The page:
The Kootenai County Local Emergency Planning Committee (LEPC) collects information about hazardous materials in the community. Contact your local emergency management office for more information on LEPCs.
The following are things you can do to protect yourself, your family and your property from the effects of a hazardous materials incident:
Build an emergency supply kit with the addition of plastic sheeting and duct tape
Make a family emergency plan
Know how to operate your home’s ventilation system
Identify a room in your home or business with the smallest number of windows and plan to use that room if you need to Shelter in Place.
Read more about sheltering in place
During a Hazardous Materials Incident
Listen to local radio or television stations and check social media sites for detailed information and follow instructions carefully. Remember that some toxic chemicals are odorless.
If you are asked to evacuate
Do so immediately.
Stay alert for information on evacuation routes, temporary shelters, and procedures.
If you have time, minimize contamination in the house by closing all windows, shutting all vents, and turning off attic fans and HVAC systems.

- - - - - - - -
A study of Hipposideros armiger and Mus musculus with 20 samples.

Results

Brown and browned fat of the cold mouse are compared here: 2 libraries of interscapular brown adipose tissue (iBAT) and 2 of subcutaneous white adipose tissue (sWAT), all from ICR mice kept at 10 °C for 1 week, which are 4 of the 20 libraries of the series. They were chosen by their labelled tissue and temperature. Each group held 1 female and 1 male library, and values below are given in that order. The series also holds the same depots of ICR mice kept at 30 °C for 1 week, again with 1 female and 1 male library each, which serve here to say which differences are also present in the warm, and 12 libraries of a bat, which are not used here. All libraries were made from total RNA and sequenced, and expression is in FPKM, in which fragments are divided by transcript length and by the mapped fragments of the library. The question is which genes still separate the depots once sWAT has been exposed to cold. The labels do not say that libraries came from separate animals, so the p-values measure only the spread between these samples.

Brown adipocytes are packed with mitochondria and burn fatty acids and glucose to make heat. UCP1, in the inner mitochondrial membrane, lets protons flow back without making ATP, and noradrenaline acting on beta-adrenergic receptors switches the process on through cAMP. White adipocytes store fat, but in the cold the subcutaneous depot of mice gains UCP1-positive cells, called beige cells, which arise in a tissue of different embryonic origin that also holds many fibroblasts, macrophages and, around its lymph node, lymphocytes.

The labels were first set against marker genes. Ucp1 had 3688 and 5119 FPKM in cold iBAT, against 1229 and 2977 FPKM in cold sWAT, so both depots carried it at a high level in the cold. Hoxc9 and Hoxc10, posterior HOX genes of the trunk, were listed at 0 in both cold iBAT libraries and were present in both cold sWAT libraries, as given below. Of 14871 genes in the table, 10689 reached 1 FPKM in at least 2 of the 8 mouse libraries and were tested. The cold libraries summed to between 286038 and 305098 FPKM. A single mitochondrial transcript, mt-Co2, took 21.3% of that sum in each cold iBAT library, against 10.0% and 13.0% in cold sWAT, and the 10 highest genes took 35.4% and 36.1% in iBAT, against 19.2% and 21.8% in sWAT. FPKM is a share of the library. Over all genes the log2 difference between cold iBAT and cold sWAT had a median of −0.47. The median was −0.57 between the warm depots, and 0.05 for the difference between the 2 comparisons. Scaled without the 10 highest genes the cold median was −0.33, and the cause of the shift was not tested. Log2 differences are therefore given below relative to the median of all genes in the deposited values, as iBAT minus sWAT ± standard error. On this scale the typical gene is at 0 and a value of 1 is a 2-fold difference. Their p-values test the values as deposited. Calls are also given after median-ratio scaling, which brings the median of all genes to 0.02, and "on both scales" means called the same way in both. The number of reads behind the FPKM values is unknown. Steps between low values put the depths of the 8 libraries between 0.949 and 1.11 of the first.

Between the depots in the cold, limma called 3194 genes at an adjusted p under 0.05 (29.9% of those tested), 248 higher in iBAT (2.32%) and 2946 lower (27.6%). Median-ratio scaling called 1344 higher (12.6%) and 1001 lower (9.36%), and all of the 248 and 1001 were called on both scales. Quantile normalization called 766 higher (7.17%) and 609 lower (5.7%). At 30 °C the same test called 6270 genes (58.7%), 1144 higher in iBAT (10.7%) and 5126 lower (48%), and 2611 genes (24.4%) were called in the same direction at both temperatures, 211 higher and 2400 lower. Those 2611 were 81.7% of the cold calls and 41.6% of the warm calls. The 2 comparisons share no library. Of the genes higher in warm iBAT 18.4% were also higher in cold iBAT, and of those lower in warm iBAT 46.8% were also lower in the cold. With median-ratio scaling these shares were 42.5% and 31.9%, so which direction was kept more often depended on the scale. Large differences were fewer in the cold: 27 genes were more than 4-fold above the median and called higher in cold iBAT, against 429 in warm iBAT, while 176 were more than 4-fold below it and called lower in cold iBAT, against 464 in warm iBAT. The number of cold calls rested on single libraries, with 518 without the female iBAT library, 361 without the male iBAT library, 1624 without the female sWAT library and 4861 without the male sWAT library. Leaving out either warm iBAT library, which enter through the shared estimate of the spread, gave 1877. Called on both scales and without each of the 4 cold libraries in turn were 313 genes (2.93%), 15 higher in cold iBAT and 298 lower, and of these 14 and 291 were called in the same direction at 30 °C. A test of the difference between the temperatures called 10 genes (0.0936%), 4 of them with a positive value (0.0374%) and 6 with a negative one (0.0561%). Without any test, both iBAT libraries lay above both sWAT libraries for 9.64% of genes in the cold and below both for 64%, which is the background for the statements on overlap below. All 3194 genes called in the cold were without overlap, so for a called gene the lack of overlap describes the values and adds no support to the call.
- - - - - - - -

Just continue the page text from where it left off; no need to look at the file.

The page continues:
Take pre-assembled disaster supplies.
Remember to help your neighbors who may require special assistance--infants, elderly people and people with access and functional needs.
If you are caught outside
Stay upstream, uphill, and upwind. Try to go at least one-half mile (usually 8-10 city blocks) from the danger area.
Do not walk into or touch any spilled liquids, airborne mists, or solid chemical deposits. Try not to inhale gases, fumes and smoke. If possible, cover mouth with a cloth or mask while leaving the area.
Stay away from accident victims until the hazardous material has been identified.
If you are in a motor vehicle
Stop and seek shelter in a permanent building.
If you must remain in your car, keep car windows and vents closed and shut off the air conditioner and heater.